Free Agency Watch: Evaluating Jameis Winston, Marcus Mariota and the 2015 Draft Class
Once viewed as the potential saviors, Winston and Mariota turned out to be busts
Because every major American sport that’s typically played at this time of year is now in absentia thanks to the Covid-19 outbreak, we’re shifting our attention to the most important signings, trades, rumors and trends around the NFL via a dedicated daily column. This is Free Agency Watch.
In 2015, Florida State quarterback Jameis Winston and Oregon signal-caller Marcus Mariota were drafted back-to-back by the Tampa Bay Buccaneers and Tennessee Titans with the first two picks in the NFL Draft. Now, five NFL seasons later, neither Winston (the 2013 Heisman Trophy winner) nor Mariota (the 2014 Heisman Trophy winner) is still with the franchise that drafted him.
Mariota, who was benched last season in favor of former JAG (just a guy) Ryan Tannehill, is now with the Las Vegas Raiders and should have the chance to compete with David Carr for the starting job. As of now, Winston — who became the first NFL quarterback in history to throw for at least 30 touchdowns and 30 interceptions last season — is unemployed after Tampa Bay let him walk in free agency in favor of Tom Brady.
Once viewed as the potential saviors for the Bucs and Titans, Winston and Mariota have proven to be, for the lack of a better term, busts. Though their interception (Mariota has 44; Winston has 88) and touchdown (Mariota has 76; Winston has 21) totals are vastly different, the pair have eerily similar numbers when it comes to winning percentage and quarterback rating.
In his five seasons, Winston has gone 28-42 as a starter, good for a winning percentage of 40 and a quarterback rating of 86.9. In his five years, Mariota has gone 29-32 as a starter, good for a winning percentage of 47.5 and a quarterback rating of 89.6. Those are the money statistics — and they are so sorely lacking that they ended up costing Mariota and Winston a lot of it.
And, sad as it may be, Winston and Mariota were definitely the best quarterbacks drafted in 2015.
Of the other quarterbacks drafted with Winston and Mariota — Garrett Grayson (No. 75 overall out of Colorado State), Sean Mannion (No. 89 overall out of Oregon State), Bryce Petty (No. 103 overall out of Baylor) and Trevor Siemian (No. 250 overall out of Northwestern) and Brett Hundley (No. 147 overall out of UCLA), only one is even still in the NFL: Hundley, who backs up Kyler Murray for the Cardinals. The rest of those picks? Wasted.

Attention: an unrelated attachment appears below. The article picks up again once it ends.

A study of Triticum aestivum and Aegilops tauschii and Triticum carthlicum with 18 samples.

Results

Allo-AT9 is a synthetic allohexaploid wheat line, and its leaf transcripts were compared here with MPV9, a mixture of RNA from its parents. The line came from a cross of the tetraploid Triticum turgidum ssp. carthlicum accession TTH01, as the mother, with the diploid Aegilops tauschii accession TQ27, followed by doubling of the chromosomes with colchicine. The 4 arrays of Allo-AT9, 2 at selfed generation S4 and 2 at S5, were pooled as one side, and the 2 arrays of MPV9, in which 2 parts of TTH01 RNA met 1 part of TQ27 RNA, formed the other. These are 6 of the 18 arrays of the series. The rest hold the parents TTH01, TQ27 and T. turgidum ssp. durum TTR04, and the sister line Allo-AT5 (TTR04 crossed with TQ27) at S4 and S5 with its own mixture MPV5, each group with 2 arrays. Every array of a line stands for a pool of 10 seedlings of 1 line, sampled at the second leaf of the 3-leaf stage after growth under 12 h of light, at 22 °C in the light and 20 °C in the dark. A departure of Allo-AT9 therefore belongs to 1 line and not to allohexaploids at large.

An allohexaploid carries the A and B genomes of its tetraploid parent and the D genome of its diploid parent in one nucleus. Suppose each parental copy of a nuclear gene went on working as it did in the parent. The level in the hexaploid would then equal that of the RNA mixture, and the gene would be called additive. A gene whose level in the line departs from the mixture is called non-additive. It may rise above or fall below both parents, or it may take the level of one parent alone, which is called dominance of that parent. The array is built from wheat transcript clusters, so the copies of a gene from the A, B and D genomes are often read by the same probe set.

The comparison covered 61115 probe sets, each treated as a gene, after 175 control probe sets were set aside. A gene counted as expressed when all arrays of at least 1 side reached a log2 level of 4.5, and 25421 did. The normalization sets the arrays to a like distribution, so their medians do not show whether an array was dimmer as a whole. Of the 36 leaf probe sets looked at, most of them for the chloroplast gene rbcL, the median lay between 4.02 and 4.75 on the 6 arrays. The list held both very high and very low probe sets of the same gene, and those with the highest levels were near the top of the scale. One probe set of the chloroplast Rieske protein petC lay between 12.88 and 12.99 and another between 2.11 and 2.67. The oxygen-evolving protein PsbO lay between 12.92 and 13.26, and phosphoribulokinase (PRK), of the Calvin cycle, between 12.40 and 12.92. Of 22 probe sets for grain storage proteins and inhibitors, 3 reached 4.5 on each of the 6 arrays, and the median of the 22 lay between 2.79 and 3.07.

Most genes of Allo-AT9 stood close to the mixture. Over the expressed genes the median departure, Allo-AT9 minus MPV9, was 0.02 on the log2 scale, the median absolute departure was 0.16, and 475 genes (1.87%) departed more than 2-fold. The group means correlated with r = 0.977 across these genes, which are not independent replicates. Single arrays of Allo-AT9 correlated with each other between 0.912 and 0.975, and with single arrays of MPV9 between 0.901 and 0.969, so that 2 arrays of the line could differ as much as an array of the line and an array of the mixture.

And the tale of the 2015 class is not just a cautionary one for the quarterback position.
Former Pro Bowl running backs Todd Gurley (No. 10 overall out of Georgia), Melvin Gordon (No. 15 overall out of Wisconsin), David Johnson (No. 86 overall out of Northern Iowa) and Jay Ajayi (No. 149 overall out Boise State) were all taken in the same draft as Winston and Mariota. Like those two quarterbacks, none are still with the teams that drafted them (the Rams, Chargers, Cardinals and Dolphins) and Ajayi is no longer even in the NFL, having taken up professional gaming. (It’s apparently not going well.)
Though it’s hardly a secret that success in the NFL is fleeting and longevity is virtually non-existent, the current state of the 2015 draft class is a sobering reminder of just how true that non-secret is. The NFL really is the Not Forever League.
Looking toward next season instead of back to 2015, the Packers are expected to sign 26-year-old wide receiver Devin Funchess, the Bengals have signed 25-year-old safety Vonn Bell, formerly of the Saints, and the Chargers inked 22-year-old tight end Donald Parham, formerly of the XFL’s Dallas Renegades.
Elsewhere, the Bucs re-signed defensive Ndamukong Suh to a one-year deal that will pay him $8 million and give Tampa a nice complement to edge rushers Shaq Barrett and Jason Pierre-Paul. And in another defensive move, the Cowboys agreed to terms with defensive tackle Dontari Poe, formerly of the Panthers and Chiefs. Poe will now pair with fellow former Panther Gerald McCoy on what should be an improved Dallas defensive line.
In Philadelphia, the Eagles bolstered their already improved secondary by signing cornerback Nickell Robey-Coleman, formerly of the Rams. A borderline top corner, Robey-Coleman will be the clear No. 2 in Philly behind new addition Darius Slay.
In some offensive moves, the Vikings signed wide receiver Tajae Sharpe, formerly of the Titans, to a one-year deal for $1 million, the Jaguars brought in former Bengals tight end Tyler Eifert on a two-year contract, and the Jets signed wide receiver Breshad Perriman, formerly of the Bucs, to a one-year contract for $8 million.